Thursday, March 20, 2008

Sweet flower, I love*

Violet loves her pink striped tights. She wears them with her big snow boots. And usually a well-worn t-shirt.

That is the clearest picture I can paint of my daughter.

She is a princess who insists on having her toenails painted when I am doing mine. She plays with barrettes and tries to make my hair pretty. She loves a pretty dress and a flouncy skirt, and insists on choosing her own clothes. Hairstyles don’t last very long with her, because she spends so much time reaching up to feel how pretty she is.

But she jumps from the furniture. She wrestles with her father. She loves nothing more than spinning in the desk chair or being thrown in the air. She can throw a ball farther than you would think, with a shout of “Datch!” She has a toy truck she loves to ram into the entertainment stand, and headbangs to her father’s music.

She carries around a doll while she plays on her “electric guitar”. She loves to help her father do the dishes and cook; she chases the cat around the house and tackles him with a hug.

She can smack fairly hard, and bites like a champ. But her kisses are the sweetest thing you can imagine, and her hugs could initiate world peace.

She has these enormous violet-blue eyes, and a pointy little chin; a dimple high on her left cheekbone, and curling dark blonde hair. Strangers cannot resist saying hi to her, smiling at her, and she blows them a kiss and makes their day.

She says, “I love you, Mama,” and always thanks you. She knows you have to say please to get something, and is obsessed with her toothbrush. She roars like a lion, and is the cutest baby elephant you have ever seen. She cannot pass up a dog, no matter the size, and is very good about letting us ask the owner if she can pet it. She runs around like a madman and sleeps with a purple Care Bear.

My daughter is a vision of opposites. She is named for not only two strong and brave women, but also a flower that is both beautiful and hardy. She is the adventurer, the charmer, the puppy, and the princess all rolled into one gorgeous package. I am so lucky to be her mother.

*From "The Yellow Violet" by William Cullen Bryant.

Thursday, March 13, 2008

Doing OK.

Writing about my miscarriage is not something I am sure about yet. First of all, there are so many wonderful people I know in the blogiverse who are either pregnant or trying, and the last thing I would want to so is scare them, to discourage them for the most beautiful thing that could ever happen to them. Second, I am not really sure how to express what I am feeling correctly.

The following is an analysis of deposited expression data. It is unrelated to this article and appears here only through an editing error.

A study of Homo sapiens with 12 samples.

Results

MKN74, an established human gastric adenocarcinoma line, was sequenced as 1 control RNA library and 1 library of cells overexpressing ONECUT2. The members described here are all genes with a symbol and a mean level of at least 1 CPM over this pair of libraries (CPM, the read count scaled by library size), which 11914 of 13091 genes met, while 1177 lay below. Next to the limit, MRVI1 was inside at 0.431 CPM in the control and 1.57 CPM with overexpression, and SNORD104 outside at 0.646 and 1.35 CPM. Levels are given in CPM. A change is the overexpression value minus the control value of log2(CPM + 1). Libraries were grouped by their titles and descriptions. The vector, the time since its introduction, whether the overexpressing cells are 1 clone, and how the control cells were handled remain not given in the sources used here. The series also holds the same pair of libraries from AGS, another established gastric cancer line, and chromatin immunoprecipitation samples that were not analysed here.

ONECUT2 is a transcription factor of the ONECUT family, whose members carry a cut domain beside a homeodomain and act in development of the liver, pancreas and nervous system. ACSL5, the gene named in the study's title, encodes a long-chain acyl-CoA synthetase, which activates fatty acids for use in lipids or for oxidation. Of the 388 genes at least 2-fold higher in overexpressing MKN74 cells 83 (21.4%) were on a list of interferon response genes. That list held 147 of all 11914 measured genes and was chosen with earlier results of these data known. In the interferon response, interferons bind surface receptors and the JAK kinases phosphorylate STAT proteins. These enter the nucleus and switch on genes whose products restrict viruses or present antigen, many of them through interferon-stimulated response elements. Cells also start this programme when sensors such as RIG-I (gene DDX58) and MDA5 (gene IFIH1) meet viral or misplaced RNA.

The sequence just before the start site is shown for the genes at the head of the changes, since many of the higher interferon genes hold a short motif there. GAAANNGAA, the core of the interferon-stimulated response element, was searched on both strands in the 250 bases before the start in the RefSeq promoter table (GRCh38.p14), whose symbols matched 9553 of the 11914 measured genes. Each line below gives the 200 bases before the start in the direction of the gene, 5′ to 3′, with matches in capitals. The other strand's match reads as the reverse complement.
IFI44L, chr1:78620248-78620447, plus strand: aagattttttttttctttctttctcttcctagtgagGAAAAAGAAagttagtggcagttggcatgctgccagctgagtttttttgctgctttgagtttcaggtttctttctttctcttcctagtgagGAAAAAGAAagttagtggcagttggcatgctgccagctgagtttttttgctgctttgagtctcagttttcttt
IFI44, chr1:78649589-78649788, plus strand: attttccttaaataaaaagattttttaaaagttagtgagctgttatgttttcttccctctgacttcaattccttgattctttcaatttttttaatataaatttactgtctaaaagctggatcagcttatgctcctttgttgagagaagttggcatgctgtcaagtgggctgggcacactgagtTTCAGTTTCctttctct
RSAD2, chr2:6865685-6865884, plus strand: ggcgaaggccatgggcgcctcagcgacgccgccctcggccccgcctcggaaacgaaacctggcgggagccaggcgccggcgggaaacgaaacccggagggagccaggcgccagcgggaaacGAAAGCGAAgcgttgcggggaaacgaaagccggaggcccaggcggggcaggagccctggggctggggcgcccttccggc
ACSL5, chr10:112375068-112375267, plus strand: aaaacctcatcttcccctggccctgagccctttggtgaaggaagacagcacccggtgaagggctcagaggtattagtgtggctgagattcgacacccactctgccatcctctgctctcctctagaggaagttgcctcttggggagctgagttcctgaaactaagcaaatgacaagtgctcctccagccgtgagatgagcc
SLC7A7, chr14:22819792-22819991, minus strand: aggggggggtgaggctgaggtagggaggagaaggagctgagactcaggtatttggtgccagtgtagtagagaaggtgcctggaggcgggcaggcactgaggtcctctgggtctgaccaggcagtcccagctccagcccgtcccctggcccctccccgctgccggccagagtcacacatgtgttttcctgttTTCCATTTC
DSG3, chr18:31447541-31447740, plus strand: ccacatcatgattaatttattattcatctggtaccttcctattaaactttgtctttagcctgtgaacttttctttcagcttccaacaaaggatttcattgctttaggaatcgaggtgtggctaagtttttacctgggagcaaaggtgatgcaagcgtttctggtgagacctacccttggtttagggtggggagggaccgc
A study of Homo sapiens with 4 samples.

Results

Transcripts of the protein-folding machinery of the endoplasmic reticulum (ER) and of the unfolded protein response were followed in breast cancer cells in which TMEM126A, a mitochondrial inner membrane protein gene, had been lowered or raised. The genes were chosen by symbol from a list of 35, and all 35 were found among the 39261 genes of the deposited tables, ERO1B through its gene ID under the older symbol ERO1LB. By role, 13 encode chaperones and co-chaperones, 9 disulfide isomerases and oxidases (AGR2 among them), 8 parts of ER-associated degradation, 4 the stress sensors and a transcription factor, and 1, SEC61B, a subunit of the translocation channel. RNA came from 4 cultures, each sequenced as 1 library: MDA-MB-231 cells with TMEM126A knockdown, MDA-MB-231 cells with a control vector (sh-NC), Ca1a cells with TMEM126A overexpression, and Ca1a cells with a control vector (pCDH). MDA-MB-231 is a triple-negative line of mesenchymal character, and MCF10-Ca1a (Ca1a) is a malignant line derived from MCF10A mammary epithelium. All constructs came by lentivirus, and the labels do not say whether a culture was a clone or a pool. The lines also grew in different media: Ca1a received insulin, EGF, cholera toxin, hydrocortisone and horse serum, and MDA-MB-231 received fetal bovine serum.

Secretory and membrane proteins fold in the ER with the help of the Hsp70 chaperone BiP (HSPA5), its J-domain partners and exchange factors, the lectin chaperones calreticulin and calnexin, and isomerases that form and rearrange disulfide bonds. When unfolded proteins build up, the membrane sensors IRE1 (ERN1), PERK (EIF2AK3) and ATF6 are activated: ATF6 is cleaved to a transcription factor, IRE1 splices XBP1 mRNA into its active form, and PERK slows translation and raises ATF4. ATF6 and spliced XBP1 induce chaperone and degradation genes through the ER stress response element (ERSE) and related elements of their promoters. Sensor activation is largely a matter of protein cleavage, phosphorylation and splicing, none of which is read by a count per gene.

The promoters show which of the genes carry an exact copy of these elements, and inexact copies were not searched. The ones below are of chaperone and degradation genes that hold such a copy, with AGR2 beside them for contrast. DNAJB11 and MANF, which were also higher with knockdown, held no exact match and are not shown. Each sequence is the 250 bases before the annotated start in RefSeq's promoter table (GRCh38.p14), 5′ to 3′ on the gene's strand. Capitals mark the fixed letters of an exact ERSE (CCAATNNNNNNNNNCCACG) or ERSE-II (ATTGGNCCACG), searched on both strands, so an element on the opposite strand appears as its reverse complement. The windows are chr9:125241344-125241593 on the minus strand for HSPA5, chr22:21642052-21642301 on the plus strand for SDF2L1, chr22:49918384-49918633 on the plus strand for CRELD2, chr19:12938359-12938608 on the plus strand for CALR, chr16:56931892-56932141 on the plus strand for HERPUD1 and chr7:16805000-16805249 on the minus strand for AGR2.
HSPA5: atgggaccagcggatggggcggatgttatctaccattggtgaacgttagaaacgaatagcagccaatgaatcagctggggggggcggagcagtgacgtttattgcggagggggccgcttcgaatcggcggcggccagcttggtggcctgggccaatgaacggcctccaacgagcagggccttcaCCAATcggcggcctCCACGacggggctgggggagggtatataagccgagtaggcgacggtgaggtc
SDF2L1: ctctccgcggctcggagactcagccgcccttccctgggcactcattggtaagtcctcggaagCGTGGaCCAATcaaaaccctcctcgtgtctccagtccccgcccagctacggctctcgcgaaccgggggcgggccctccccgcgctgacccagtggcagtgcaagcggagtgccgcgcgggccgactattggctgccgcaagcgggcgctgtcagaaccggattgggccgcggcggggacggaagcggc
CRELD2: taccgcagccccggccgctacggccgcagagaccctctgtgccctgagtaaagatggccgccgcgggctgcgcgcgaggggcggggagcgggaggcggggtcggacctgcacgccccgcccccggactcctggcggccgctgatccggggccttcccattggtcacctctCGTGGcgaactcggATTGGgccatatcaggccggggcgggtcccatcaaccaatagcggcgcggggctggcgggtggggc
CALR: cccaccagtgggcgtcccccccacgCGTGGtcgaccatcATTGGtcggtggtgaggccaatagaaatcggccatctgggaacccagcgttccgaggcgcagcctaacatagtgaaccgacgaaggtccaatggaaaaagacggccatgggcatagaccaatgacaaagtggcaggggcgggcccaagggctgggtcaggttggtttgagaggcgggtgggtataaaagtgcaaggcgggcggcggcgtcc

Know that I am not angry. Know that I am quite sad, because this was a child I lost. I lost my son. I may not have had much time to bond with him, but he was mine, and I love him. But also know that I have a beautiful daughter that gives me a giant hug when things are really bad. Like just now, when she climbed over my desk chair to get to me.

Maybe someday I will write about it. Maybe someday it will make sense. But for now, this is what I focus on.

Wednesday, March 12, 2008


We have had the name Max picked out for our son since I was pregnant with Violet. When I found out that both Christina Aguilera and Jennifer Lopez named their sons Max, though, I was having second thoughts. We debated names from Gunner to Wyatt to Dean, all with keeping Max at the forefront of our minds.

Saturday night, I had a dream. I saw my son, and he looked at me. "Don't worry, Ma," he said. "And my name is Max."

And so his name is Max.

I had a miscarriage Tuesday morning.

Max is in your hands now, God. Take care of him for me.

Monday, March 10, 2008

Streaks of Gray and a Hint of Purple

That is what the sky outside my office window looks like. Daylight savings time is excruciatingly inconvenient, but I do get to see the sun rise slowly.

Apparently, the gall bladder removal they did 10 years ago to fix my stomach problems then is what is causing them now. My fluids don't know where to go, so they are going back into my stomach. Luckily, I have a smart doctor who gave me pills to tell them where to go. And more to act as bouncers to the red-rope event that is my stomach lining. I will have to be on them for the rest of my life, but there will have to be no surgery, no invasive treatments. I feel much better already.

And the weekend after my last test was run, the last one that I had to be anesthetized for, I got all knocked up.

I am due November 7. (or maybe 8...stupid conflicting internets.)

I suppose God does know what he is doing after all.